The great thing about Newsnight was that it provoked all sorts of emails - some written in the cyber equivalent of green ink and some very funny. I received this from Stephen Glenn, who has kindly agreed to me posting it for your delight and delectation...
I thought you might enjoy the following anecdote that my late wife, Anna, used to tell of John Prescott in his National Union of Seamen days. Anna encountered him because she was PA to one Charlie Dreevor, an ex-trawler skipper who was both a director of the Marr trawler company in Hull and the representative of the Hull Trawler Owners' Association who had to deal with Prescott as the NUS rep who was trying to unionise the trawlermen and pursuade the trawler owners to switch to paying wages rather than operate on the share system. This was fiercely opposed by the trawlermen themselves, who -- at least at the time -- were doing far better on a share than they would do on wages and who had little time for Prescott after a rather unfortunate speech he'd given in which he compared their share system with the Cunard stewards' pooling their tips.
Marr's at the time had two reception areas at their main office on the Docks, one of which was reserved for trawlermen. This wasn't snobbishness on their part; the only time you could be sure, apparently, of getting a trawlerman into the office when you needed to see him was straight off the boat after she landed, and after a month or six weeks at sea on one of Marr's freezer vessels the men tended to be a bit whiffy, having spent a lot of their time gutting fish. Charlie Dreevor knew that Prescott had a very short fuse and he and Anna concocted the following way of exploiting this.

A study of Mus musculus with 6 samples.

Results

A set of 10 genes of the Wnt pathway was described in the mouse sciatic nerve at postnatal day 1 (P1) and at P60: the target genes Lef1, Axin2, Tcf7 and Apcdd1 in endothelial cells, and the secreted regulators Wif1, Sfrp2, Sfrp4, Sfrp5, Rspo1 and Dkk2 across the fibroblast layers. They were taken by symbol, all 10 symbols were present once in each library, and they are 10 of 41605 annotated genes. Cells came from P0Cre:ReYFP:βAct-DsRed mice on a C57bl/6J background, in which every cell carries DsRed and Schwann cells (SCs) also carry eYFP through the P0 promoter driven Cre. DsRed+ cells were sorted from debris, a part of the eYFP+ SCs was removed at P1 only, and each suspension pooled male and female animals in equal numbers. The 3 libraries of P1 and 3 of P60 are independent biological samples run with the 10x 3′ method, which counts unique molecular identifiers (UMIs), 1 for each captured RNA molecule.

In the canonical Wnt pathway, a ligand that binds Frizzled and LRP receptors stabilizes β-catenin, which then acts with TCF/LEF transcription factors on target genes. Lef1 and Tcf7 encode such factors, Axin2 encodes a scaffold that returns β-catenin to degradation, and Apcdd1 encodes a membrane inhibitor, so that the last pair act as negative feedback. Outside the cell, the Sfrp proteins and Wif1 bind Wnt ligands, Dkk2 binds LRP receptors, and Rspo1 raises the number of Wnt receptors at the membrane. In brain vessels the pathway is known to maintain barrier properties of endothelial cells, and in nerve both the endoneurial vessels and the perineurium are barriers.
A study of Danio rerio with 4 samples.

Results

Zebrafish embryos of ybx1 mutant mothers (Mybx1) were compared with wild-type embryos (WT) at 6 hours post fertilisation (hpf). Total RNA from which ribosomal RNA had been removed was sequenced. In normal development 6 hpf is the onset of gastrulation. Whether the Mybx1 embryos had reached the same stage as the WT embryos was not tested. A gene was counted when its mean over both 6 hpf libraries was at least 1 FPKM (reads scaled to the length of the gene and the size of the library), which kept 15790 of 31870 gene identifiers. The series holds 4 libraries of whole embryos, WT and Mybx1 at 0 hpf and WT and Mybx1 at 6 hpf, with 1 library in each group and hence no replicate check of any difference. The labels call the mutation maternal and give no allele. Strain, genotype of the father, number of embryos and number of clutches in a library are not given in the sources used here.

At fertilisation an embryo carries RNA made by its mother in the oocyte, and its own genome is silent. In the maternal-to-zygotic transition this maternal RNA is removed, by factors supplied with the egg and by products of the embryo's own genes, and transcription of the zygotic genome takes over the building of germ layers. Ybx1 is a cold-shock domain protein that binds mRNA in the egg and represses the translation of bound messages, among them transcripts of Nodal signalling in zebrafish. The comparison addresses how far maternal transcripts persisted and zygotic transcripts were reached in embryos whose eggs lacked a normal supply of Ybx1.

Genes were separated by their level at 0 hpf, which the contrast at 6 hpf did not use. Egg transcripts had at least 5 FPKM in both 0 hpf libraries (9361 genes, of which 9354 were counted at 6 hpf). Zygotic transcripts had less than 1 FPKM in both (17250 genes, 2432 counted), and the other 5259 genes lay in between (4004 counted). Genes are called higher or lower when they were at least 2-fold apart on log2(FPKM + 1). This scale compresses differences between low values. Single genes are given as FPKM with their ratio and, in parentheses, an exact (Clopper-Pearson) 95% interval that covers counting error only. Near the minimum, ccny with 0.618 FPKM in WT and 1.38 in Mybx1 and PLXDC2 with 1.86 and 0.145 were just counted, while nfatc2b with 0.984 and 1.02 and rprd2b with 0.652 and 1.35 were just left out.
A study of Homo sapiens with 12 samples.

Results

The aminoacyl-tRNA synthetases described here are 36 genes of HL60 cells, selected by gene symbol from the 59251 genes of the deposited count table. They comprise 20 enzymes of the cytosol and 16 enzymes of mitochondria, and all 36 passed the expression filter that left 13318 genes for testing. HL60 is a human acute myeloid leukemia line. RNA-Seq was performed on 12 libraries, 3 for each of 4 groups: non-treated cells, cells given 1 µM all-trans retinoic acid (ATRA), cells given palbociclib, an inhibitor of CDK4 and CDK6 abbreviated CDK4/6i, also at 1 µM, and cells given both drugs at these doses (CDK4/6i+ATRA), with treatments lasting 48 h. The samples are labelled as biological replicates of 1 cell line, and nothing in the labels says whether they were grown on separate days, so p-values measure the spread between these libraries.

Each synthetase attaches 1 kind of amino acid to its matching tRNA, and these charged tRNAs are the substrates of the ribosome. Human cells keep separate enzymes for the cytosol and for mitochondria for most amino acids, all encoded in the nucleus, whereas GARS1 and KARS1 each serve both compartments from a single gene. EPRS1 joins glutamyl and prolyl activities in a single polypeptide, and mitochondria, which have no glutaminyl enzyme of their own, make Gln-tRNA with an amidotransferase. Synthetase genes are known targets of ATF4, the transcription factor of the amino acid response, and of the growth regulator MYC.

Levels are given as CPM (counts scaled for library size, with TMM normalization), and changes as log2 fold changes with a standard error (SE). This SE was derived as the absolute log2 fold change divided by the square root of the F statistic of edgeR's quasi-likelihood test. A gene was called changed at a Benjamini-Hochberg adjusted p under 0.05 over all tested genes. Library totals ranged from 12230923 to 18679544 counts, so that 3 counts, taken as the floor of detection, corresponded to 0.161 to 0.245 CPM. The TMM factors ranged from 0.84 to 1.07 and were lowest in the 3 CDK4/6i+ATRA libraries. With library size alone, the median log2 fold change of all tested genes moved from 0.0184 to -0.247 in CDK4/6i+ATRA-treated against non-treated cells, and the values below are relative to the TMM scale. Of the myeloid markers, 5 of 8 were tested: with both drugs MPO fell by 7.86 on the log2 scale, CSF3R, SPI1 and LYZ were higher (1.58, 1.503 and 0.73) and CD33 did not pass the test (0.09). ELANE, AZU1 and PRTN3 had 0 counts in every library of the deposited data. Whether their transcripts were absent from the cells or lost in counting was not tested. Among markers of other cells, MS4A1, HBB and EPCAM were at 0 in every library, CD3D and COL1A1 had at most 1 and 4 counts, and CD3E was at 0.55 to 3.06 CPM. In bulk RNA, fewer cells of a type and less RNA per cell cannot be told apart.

Anna gave instructions to Reception that Mr Prescott was always to be directed to the Seamen's Reception Area, on the argument that he reckoned he was their representative so he'd probably want to meet them. She'd always keep him waiting for at least 20 minutes, so he could get the benefit of their views on his proposal -- as they saw it -- to cut their pay, before showing him into her boss's office. Dreevor, for his part, never lost the opportunity to remind Prescott that, as an ex-skipper, he knew a damn site more about trawling and trawlermen than did some jumped-up Cunard bar steward.
Anna was under instructions to leave his and her office doors open, to listen out and to bring in the coffee only when she heard them about to come to blows. Unfortunately, at least from Charlie Dreevor's point of view, though probably fortunately from Prescott's since Dreevor, as an ex-skipper, was pretty handy with his fists -- he once laid out, with one punch, a drunken trawlerman who'd tried to lay hands on Anna in the office during an argument about his pay -- she always managed to get there before Prescott tried to take a swing at him. She reckoned she never had to wait more than 10 minutes before taking their coffee through, and frequently she was worried whether the kettle would be boiled in time! Anna, for what it's worth, hated Prescott in a way that had nothing to do with politics. She said that, as a very attractive blonde working on Hull Fish Docks (and, at the time, supplementing her salary with a part-time bar job) she was well used to dealing with men who thought she was a dishy bimbo, but Prescott was in an entirely different league.